Yesterday was the 38th anniversary of the outbreak of Six Day War (June 6, 1967). In yesterday’s Haaretz, Yossi Beilin speaks for a generation of Israelis and Diaspora Jews who lived through the apprehension and jubilation of those mesmerizing six days that made history (for better or for worse). Beilin notes that the War perfectly mirrored his own life and that of the State of Israel:
The Six Day War, whose 38th anniversary was yesterday, divides my life exactly as it divides the life of the state: A third before the war and two-thirds after it. It would be correct to say that during nearly all of the latter period I have tried to save myself, ourselves, from the terrible mistake we made; instead of sticking to a war of defense and then returning home…we remained in the territories. All I am trying to do is to enable my grandchildren to live in this land as I lived during the quietest and most beautiful decade of its life – 1957-1967.
Like him, we Diaspora Jews shared the panicky fear of what an Arab victory might mean for Israel’s existence. Like him, Israel’s lightning tank victories in the Sinai and eventual conquest of Jerusalem were cause for celebration (at first). It seemed with Israel’s victory a great load had been lifted from the backs of Jews the world over.
But then some of us began asking: “where does Israel go next?” What was the point of the victory if Israel did nothing with it? Why weren’t approaches made to the vanquished Arab nations? After the War ended, we read with excitement, Siach Lohamim (“Conversation with Soldiers”), which bespoke the hopes, dreams and fears of the kibbutznik soldiers who fought a great battle and returned home with the gnawing sensation that it might all be for naught. Here is how Beilin describes his own transformation from celebrant to naysayer:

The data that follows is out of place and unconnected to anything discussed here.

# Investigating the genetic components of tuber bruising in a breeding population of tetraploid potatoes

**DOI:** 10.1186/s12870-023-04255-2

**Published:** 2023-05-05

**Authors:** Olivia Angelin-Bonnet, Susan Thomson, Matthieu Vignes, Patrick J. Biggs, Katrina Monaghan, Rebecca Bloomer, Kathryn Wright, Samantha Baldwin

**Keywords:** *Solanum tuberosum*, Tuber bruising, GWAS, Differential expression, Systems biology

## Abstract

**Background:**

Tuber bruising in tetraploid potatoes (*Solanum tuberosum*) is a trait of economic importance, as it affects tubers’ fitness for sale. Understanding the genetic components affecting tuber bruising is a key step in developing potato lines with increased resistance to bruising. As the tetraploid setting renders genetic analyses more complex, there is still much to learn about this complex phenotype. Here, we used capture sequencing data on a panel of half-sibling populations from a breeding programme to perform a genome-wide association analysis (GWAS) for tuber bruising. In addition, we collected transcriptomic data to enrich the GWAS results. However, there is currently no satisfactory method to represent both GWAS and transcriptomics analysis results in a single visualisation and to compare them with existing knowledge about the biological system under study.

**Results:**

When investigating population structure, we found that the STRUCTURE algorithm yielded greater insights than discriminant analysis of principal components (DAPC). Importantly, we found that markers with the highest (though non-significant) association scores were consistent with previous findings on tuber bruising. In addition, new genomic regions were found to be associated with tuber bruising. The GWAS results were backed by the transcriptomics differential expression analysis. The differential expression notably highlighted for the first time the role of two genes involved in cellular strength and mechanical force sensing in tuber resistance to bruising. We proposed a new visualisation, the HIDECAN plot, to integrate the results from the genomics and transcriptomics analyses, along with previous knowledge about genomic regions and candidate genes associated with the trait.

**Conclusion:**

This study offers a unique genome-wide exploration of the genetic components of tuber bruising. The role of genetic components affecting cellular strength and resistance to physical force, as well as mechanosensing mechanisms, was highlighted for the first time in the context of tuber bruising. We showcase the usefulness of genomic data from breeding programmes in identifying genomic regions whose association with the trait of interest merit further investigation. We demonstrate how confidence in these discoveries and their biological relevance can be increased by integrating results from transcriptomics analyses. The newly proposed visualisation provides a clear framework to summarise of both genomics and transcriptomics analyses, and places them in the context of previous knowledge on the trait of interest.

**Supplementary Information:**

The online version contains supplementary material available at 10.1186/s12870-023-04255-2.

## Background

I was a private and became a private first class at the end of the war. While in the Golan and Sinai, I heard about the conquest of Jerusalem and was ecstatically happiness. I experienced six years of illusions before realizing the senselessness of Moshe Dayan’s declaration, “Better Sharm el-Sheikh than peace;” the mistake of not returning the West Bank to King Hussein in exchange for peace, because of the Allon Plan’s demand to annex about 20 percent of it; and the crazy nonsense of Abba Eban’s “Auschwitz borders.”
There was the bitter mistake of Golda Meir, Yisrael Galili and their colleagues, who rejected Gunnar Jarring’s proposal for an accord with Egypt along the lines of the Camp David agreement, in February 1971. They rejected this proposal despite the fact that Sadat had agreed to it. There was also the terrible mistake of building settlements in Sinai, the West Bank and the Golan Heights, as if we were still living in the 1920s and 1930s and these settlements would protect Tel Aviv.
Those six days, on the eve of my 19th birthday, were the most heroic days of my life. Those were days when existential fears gave way to victory albums, veneration of generals and the belief that we were invincible. Thus, we waited for a telephone call from Hussein, as if we had no obligation to even dial.
Those days…turned out to be the greatest curse of our personal and collective lives. It was battle-shock of victors who had no idea what to do with the territorial assets that fell into their hands. Between Alterman and Agnon calling to remain in the Greater Land of Israel, and Lavon and Leibowitz calling for a unilateral exit, the victors did what people do when they are in shock: They continued as they had done previously.
The military government…was renewed in the territories six months later. And the building of kibbutzim and moshavim in the occupied territories was the direct continuation of the (erroneous) assessment from the pre-state period – that the future border would be determined by the settlements we build.
For two thirds of my life, I have been trying to return to the Israel that was stolen from me in June 1967. I do not plan to give up, and not because of nostalgia. We have less than a decade left to cut the Gordian knot between the territories and ourselves.
Many have already emerged from the period of collective blindness and understand what a terrible moral, Jewish, economic and international price we are paying because of this knot. The only question is whether the minority that remains in the darkness will sit at the helm or move to the stern of the ship and let those whose eyes are open navigate.
While I admire Beilin and the words he expresses here, I am filled with ambivalence about his closing sentence. How does he propose leading Labor to an electoral victory? Is knowing you are clear-sighted and your political opponent is blind enough to guarantee the victory to you? No, of course not. Is knowing your opponent is blind enough especially when he does know that he is and in fact believes he believes his vision is better than yours? It’s all well and good to speak in poetic terms about letting “those whose eyes are open navigate” the ship of state. But how do you get there?